La Spezia – Genova – Milano – Tirano
I suppose it’s a little odd that I’ve never been to Genoa before. My dad lived and worked here for a time a few years before I was born so it is quite possibly the first city outside the UK that I’d heard of. That said it’s not got a huge reputation as a tourist destination so it was always going to be a “when I get around to it” kind of a place.
Today turned out to be that day. My original plans for yesterday would have brought me here overnight, but my last minute decision to stay further south and visit Cinque Terre saw to that. I then found myself awake at 6:30am and after consulting the timetable realised I could spend a few hours there after all.
I was at La Spezia station to catch the 07:50. My route took me up the coast and the Cinque Terre once more, but annoyingly the train had evidently not been cleaned, so I saw very little of it.
We were due into Genoa around 9:30 but the train was stopped for a while by what was either animals or trespassers on the line so I finally arrived around 10. I dropped my bag off in the left luggage and went for a wander. What immediately struck me was it was a more attractive and interesting town than its reputation suggests. There are lots of lovely buildings and I was particularly taken by the very narrow alleyways that ran down the hill to the harbour.
I found my way down to the harbour, which I’d been told was worth seeing, by both my mum and sister (I’m the last of my family to visit this city, by a very long way!) Part of it has been reinvented as a tourist attraction, with fun elements like the galleon, the aquarium and the “Bigo” crane which lifts viewers high into the air. There is also a conference centre, constructed inside the warehouses, and a set of super yacht berths. I noticed all the shoes left on the quay, clearly nothing more than socks are allowed on board. Teams of workmen were fettling and polishing everything that couple possibly be reached, including half way up the mast of one of them.
It is still a very busy commercial port but all that activity has moved away from the town to the other side of the harbour.
While I’d been walking earlier, I’d spotted a window full of old photos, one of which showed a funicular railway. A quick online search told me it still existed so I went for a look. Amazingly it is free to use, the fare having only recently been removed. It is primarily a service for locals who live in the hills that surround this coastal city and the line, and they turned up in their numbers.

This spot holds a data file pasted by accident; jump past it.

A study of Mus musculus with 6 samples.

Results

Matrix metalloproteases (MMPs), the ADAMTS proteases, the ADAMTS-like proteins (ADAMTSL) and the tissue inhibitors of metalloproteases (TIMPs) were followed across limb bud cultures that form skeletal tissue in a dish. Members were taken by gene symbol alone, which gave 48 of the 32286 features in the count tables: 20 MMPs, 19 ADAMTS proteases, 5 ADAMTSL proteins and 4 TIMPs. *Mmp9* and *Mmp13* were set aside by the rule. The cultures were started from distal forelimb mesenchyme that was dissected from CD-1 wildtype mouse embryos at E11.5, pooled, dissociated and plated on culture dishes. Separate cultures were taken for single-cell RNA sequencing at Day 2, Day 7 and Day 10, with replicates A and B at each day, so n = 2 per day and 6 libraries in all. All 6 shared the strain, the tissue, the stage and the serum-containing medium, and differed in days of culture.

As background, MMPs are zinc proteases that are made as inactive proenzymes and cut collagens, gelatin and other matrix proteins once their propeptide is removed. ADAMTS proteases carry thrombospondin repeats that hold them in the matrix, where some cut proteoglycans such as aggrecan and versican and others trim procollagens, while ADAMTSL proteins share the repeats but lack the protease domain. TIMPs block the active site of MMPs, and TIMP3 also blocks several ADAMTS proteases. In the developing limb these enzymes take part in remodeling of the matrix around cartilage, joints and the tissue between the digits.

Note: Later on I discovered that there is a second line, though that is a rack railway. More info on them both here.
The line has 7 stations, but they are unevenly spaced, meaning that the trains need to stop twice in tunnels on each passage so that one or other of the balanced cars can access the station. To go from one end to the other takes around 12 minutes and they run on the quarter hour. The line itself is quite amazing, multiple bends, especially in the tunnel at the bottom, and it is incredibly steep at the top. I walked a short way at the summit, to get a view down to the city. If I had more time I would have spent longer up there (there is a proper viewpoint) but I needed to get back to the station and on my way again.
I have to say that Genoa was a complete revelation to me. I was expecting a grey industrial city, with not a lot going for it, but it is actually quite charming. Not touristy in the conventional sense but certainly with enough to be worth spending more time in. My favourite new word of the day is Focacceria. Why do we not have shops in the UK that just sell a dozen different types of Focaccia, as they do all over this part of Italy?!
I can’t say anything at all about the journey from Genoa to Milan. The train I got onto was completely plastic wrapped in an advert for the Giro d’Italia and it was so badly done that you couldn’t see anything more than blurred shapes from the inside. I passed the time reading and updating this diary.
It was lovely to arrive in Milan by train. Along with Berlin and St Pancras, it has to be the most spectacular of stations. Sadly I didn’t have long here, but I did grab a few photos before getting onto the train to Tirano. As we pulled out I spotted the spectacular signal box that spans the tracks.
The line to Tirano quickly becomes interesting. The hills give way to mountains but in typical Italian style they build on them anyway. The line passes Lake Como and it was a shame that the late afternoon sun was in exactly the wrong place to get the photos it clearly deserves. I managed to grab a couple anyway.
Tirano is the end of the line for standard gauge track. Next door to the station is the terminus of the metre gauge Bernina Railway, and that is where I’ll be heading next.